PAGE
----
Nothing has broken my heart more than the devastation that remains after a tornado last week ripped through my hometown, destroying homes, schools, businesses and lives.
Tuscaloosa, Ala., is no stranger to bad weather or tornadoes. In the time that I lived there, I’d been through four.
Areas of my hometown and its outskirts have been horribly affected in the past, but nothing compared to this.
Unable to sit on my hands, I went back Saturday to do whatever I could to help. I also went to wrap my arms around those I love, though I’d already talked to them on the phone and knew they were OK.
I didn’t have time to see everyone, but I’ve never been so happy to lay my eyes on the faces of my parents, my Aunt Kristy, some of my cousins and old friends. The battle cry of “Roll Tide” has never sounded so sweet.
The countless pictures and video footage of what had happened in no way prepared me for what I saw or the stories I heard.
The local newspaper has posted the names of those who have been reported missing. At least one name was too familiar. While the death toll has fluctuated since the tornado hit, the most recent confirmed number was 40.
But this is not supposed to be a sob story. The people of Tuscaloosa and the surrounding areas have rallied.
I am happy to say I wasn't the only person from out of town who showed up to assist the community and its emergency workers shoulder the recovery efforts.
Helping out was the best thing that’s happened to me in a long time.
I ended up at the community center in Brookwood, a country town just outside of Tuscaloosa that doesn’t have a Starbucks or a real grocery store, but does have people who care and know how to pull together in times of crisis.
The center also serves as the town’s storm shelter. I worked alongside my cousin who, when I arrived, was arms deep in donations that needed sorting.
The center had collected just about everything you’d find at a super center and organization was crucial. The contributions kept coming in.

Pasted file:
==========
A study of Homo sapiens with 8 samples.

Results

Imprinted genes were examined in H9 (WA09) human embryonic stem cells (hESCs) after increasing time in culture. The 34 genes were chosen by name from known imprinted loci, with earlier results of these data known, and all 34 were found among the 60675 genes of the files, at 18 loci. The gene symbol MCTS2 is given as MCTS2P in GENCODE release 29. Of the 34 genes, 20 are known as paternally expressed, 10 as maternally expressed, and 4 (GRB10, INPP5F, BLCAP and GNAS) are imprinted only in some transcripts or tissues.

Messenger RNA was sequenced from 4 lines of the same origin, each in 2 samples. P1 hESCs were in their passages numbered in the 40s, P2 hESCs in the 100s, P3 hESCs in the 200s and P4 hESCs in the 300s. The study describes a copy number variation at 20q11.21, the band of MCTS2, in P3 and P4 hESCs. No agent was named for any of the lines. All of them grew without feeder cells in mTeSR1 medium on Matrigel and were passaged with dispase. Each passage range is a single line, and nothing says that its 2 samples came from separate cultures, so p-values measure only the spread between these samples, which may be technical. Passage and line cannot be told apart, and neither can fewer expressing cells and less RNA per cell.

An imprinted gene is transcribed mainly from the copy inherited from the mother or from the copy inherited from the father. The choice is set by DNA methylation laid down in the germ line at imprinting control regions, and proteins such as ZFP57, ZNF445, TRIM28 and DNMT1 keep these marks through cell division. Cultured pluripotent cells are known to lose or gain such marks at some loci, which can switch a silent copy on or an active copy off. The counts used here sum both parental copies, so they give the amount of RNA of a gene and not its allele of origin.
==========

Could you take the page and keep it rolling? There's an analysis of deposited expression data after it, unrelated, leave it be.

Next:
Someone dropped off large plastic bags of Styrofoam containers of hot dogs, hamburgers and other snacks to be given to anyone who needed a hot meal.
We think the food was made by one of the sororities on the University of Alabama campus. I cannot say enough about the help the students have provided.
Classes have been cancelled for the rest of the semester, yet everywhere students were doing their part to repair the city that adopts them each school year.
Volunteering was a family affair. My cousin and I grabbed her 16-year-old brother and loaded bags of food into his pickup.
We headed out along old rural roads, off the main highway, where we handed out boxes to anyone who was hungry or knew someone who needed food. These were some of the hardest hit places in the county.
On one road, a fireplace marked where someone’s home once stood. The neighbor’s house did not fare as well. Up and down the roads, hills of rubble were all that remained of places people called home.
Cars and trucks were smashed. Men with chain saws stood on roofs cutting through toppled trees.
Mothers and their children sorted through the destruction on the ground, in search of family photos, clothing and anything else they could salvage.
We passed a car along the way with “shower rides” written on the back.
The driver was picking up people in the area, taking them to get hot showers and bringing them back so they could continue putting their lives back together.
When we returned to the community center a woman I recognized from high school walked in. She graduated the year before me, and we had probably never spoken, but I knew her face.
She told me she had lost everything and lived on the road where I had seen the fireplace. I didn’t have the heart to ask if it was hers.
She needed food, clothing and supplies for herself, her husband, mother and two little girls. My cousin grabbed a box, shoved another in my former schoolmate’s hands and began packing them with food.
We went through the center, gathering up toiletries, T-shirts for her husband, underwear for her children and blankets to keep them warm during the lingering cool spring nights.
They needed sunscreen, water, pillow cases, shoes and toys. Everything.
My cousin and I packed her sport utility vehicle so full I doubt she could see out her back window.
As she drove off, I said a prayer she wouldn’t need to return to the center and they’d soon get out of the tent they were staying in and get a solid roof over their heads.
There are countless organizations collecting monetary and other donations to help Tuscaloosa get back on its feet. If you’d like to help, please go online at www.givetuscaloosa.com.
Like my hometown, it will take some time before my heart heals. In the meantime, I will continue making trips back and offering help wherever it’s needed.